More than 800 required to quarantine in Georgia school district that doesn’t require masks
More than 820 students and 40 teachers in a Georgia school district will have to quarantine after coming into contact with a confirmed COVID-19 case just one week after classes started.
The Cherokee County School District in the Atlanta metro area reported on its website that 826 students and 40 teachers at 20 elementary, middle and high schools will need to quarantine for 14 days. It is not clear how many people in the district have tested positive for COVID-19.
Affected classrooms are “deep-cleaned” before reopening, the district states on its website. Students who must quarantine will receive instruction online.
The district recommends that its 40,000 students wear face masks and coverings but does not require them. Only staff and teachers are required to wear masks when they cannot socially distance. Studies show face coverings and masks can stop the spread of COVID-19, but Georgia does not have a mask mandate, and districts have been wary of issuing their own.
The quarantines illustrate the difficulty of reopening schools in a pandemic, particularly in hot spots like Georgia.
The Centers for Disease Control and Prevention (CDC) strongly recommends reopening schools to avoid the negative consequences of the loss of in-person instruction on students. But it also recommends students and staff wear masks and keep a distance of at least six feet.
But experts note that it can be harder to reopen schools safely in areas of the country where there is widespread transmission of COVID-19.
The outbreak in Georgia appears to have stabilized, but the state is still reporting an average of 3,200 new cases per day.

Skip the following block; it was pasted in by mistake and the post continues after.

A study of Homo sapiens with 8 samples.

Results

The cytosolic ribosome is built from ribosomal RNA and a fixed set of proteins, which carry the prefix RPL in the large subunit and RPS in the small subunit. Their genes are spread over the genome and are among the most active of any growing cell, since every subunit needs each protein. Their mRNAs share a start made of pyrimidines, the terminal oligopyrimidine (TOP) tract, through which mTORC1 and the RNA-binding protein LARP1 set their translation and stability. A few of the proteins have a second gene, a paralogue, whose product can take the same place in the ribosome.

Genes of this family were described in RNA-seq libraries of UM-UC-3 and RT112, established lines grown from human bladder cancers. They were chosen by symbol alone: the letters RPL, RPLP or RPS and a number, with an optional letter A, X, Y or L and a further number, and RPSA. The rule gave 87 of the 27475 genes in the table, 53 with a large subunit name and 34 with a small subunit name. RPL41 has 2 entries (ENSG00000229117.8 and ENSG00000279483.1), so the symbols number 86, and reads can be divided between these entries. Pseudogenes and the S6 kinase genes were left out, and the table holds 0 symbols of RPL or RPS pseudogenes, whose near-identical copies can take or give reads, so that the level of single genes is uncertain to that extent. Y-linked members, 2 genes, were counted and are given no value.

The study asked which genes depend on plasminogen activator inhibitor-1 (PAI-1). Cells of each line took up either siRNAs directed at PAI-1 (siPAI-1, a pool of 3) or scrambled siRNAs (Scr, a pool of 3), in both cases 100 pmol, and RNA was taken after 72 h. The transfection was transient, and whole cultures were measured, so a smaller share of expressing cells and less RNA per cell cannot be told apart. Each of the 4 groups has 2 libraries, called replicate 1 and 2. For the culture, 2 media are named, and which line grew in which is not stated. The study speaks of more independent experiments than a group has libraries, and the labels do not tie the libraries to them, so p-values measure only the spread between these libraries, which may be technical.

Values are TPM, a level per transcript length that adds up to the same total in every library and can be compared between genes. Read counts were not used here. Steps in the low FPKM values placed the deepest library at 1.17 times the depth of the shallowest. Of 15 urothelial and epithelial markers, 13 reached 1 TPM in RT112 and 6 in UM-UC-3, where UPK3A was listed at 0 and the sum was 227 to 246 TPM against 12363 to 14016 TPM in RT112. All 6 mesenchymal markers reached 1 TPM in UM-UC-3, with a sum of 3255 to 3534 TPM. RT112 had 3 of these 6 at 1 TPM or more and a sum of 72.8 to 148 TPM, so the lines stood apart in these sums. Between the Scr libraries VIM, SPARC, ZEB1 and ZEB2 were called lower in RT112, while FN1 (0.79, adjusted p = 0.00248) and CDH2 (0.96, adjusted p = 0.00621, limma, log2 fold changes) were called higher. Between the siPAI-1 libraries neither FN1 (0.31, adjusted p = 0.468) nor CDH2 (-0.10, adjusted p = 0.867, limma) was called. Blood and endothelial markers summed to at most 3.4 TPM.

Cherokee County has reported a total of 3,535 cases, including 650 cases in the past seven days.
In schools that do reopen with in-person instruction, students and staff should wear masks and desks should be spaced six feet apart, the CDC recommends.
But some schools are not following those guidelines uniformly due to space constraints or questions about whether it is possible to enforce mask-wearing.
Cherokee County Superintendent Brian Hightower wrote in a letter to parents Friday that it is not clear how long schools can remain open.
“The answer will depend on all of us as a community. We need to social distance whenever we can, and always wear masks when we cannot,” he wrote.
“As we said before reopening, social distancing is not possible in all situations at our schools — this is why we require our staff to wear masks or face shields when they cannot distance, and this is why we’re providing masks to students and strongly recommending they wear them.”
The Hill has removed its comment section, as there are many other forums for readers to participate in the conversation. We invite you to join the discussion on Facebook and Twitter.